From the Wikipedia entry on the World Wide Web (emphasis added):
While working at CERN, [Tim] Berners-Lee became frustrated with the inefficiencies and difficulties posed by finding information stored on different computers. On March 12, 1989, he submitted a memorandum, titled “Information Management: A Proposal“, to the management at CERN for a system called “Mesh” that referenced ENQUIRE, a database and software project he had built in 1980, which used the term “web” and described a more elaborate information management system based on links embedded in readable text: “Imagine, then, the references in this document all being associated with the network address of the thing to which they referred, so that while reading this document you could skip to them with a click of the mouse.” Such a system, he explained, could be referred to using one of the existing meanings of the word hypertext, a term that he says was coined in the 1950s. There is no reason, the proposal continues, why such hypertext links could not encompass multimedia documents including graphics, speech and video, so that Berners-Lee goes on to use the term hypermedia.
March 12, 2021 is, according to Google at least, the 32th anniversary of the World Wide Web.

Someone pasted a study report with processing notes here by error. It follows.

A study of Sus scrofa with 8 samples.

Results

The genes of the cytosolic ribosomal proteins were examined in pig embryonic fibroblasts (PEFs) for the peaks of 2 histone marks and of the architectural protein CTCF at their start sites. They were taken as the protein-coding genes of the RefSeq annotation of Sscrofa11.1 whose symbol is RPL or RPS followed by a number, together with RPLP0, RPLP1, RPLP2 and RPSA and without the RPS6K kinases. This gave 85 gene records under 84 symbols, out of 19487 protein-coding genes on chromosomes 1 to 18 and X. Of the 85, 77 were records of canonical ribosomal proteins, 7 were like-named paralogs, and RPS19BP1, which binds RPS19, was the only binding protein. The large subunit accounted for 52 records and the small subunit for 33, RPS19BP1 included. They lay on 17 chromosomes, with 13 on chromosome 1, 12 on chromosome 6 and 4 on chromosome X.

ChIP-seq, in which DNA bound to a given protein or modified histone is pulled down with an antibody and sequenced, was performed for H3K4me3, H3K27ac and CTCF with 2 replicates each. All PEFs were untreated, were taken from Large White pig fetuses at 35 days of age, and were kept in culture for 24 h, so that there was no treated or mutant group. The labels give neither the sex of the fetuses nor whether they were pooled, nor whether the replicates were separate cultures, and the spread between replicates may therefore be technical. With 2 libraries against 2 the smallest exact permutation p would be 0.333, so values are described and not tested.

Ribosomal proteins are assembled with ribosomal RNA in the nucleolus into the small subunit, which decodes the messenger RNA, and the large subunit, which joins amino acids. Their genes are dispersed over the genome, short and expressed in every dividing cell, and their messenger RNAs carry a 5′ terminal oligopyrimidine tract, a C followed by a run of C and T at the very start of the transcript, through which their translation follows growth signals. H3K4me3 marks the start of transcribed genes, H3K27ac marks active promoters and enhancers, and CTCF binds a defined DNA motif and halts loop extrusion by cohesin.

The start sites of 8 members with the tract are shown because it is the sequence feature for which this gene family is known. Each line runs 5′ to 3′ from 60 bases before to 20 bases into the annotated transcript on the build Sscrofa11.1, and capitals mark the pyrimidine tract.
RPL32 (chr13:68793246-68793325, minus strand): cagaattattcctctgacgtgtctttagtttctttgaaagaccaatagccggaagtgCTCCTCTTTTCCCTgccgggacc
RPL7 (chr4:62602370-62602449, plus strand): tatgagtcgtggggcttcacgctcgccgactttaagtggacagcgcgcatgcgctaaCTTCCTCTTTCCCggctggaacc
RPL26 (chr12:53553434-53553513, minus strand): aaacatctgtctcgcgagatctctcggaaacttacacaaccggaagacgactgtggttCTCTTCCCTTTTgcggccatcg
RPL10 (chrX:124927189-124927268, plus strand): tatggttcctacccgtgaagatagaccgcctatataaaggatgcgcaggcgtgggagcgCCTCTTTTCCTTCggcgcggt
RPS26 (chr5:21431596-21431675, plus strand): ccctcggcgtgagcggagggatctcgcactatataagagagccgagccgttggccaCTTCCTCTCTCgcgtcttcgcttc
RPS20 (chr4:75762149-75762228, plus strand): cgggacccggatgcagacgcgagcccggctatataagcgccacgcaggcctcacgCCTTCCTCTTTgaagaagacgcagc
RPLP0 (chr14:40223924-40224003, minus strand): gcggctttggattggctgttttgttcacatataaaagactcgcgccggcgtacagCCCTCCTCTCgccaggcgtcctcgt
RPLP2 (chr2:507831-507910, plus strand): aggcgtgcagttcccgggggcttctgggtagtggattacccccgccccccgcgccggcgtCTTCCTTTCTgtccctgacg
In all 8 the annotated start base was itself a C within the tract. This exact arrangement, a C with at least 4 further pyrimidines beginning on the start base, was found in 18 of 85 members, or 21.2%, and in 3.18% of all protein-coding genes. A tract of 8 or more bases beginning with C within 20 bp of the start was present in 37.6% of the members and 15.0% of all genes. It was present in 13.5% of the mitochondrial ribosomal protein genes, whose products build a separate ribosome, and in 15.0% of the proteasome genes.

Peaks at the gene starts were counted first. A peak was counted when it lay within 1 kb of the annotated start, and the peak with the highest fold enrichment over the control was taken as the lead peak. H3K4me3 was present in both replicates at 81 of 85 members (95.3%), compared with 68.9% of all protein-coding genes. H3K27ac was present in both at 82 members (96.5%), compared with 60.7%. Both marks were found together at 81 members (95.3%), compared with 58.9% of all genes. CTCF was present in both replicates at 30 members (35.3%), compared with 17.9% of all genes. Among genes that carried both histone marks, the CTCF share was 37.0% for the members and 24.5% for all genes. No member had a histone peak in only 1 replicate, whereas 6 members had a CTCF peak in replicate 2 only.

Anyone here besides me remember the Usenet Cookbook from before there actually was a WWW? I have a printed-out copy from the late 80s, and it’s a treasured possession. Compuserve? MCI Mail? (I actually worked for them for a time.) Acoustic couplers? Archie? AOL? Pong? Single-sided floppy disks?
IRIS Intermedia? Now there’s a story. One in which Mr. Right, in one of the highlights of his academic career, was chosen to work alongside Professor George Landow and the team at Brown University on The Dickens Web, an early example of encyclopedic knowledge being presented in a highly visual and linked, mouse-clickable, hypertext format. Looking at it today–almost four decades later–its vision and its prescience are astonishing.
Proud to have been there at, or near, the start of it all.
Lord. I’m old.
And I don’t mind a bit. To mangle one of Keats’ most famous lines, the tunes of youth may be sweet, but the melodies of old age have their moments, too. (The original line is buried in here, somewhere.) The Bard had something to say on the subject, too:
That time of year thou mayst in me behold
When yellow leaves, or none, or few, do hang
Upon those boughs which shake against the cold,
Bare ruin’d choirs, where late the sweet birds sang.
In me thou see’st the twilight of such day
As after sunset fadeth in the west,
Which by and by black night doth take away,
Death’s second self, that seals up all in rest.
In me thou see’st the glowing of such fire
That on the ashes of his youth doth lie,
As the death-bed whereon it must expire,
Consum’d with that which it was nourish’d by.
This thou perceiv’st, which makes thy love more strong,
To love that well which thou must leave ere long.–Sonnet 73, William Shakespeare
Or, to put it another way:
What do you remember from the early days of the Internet? And before?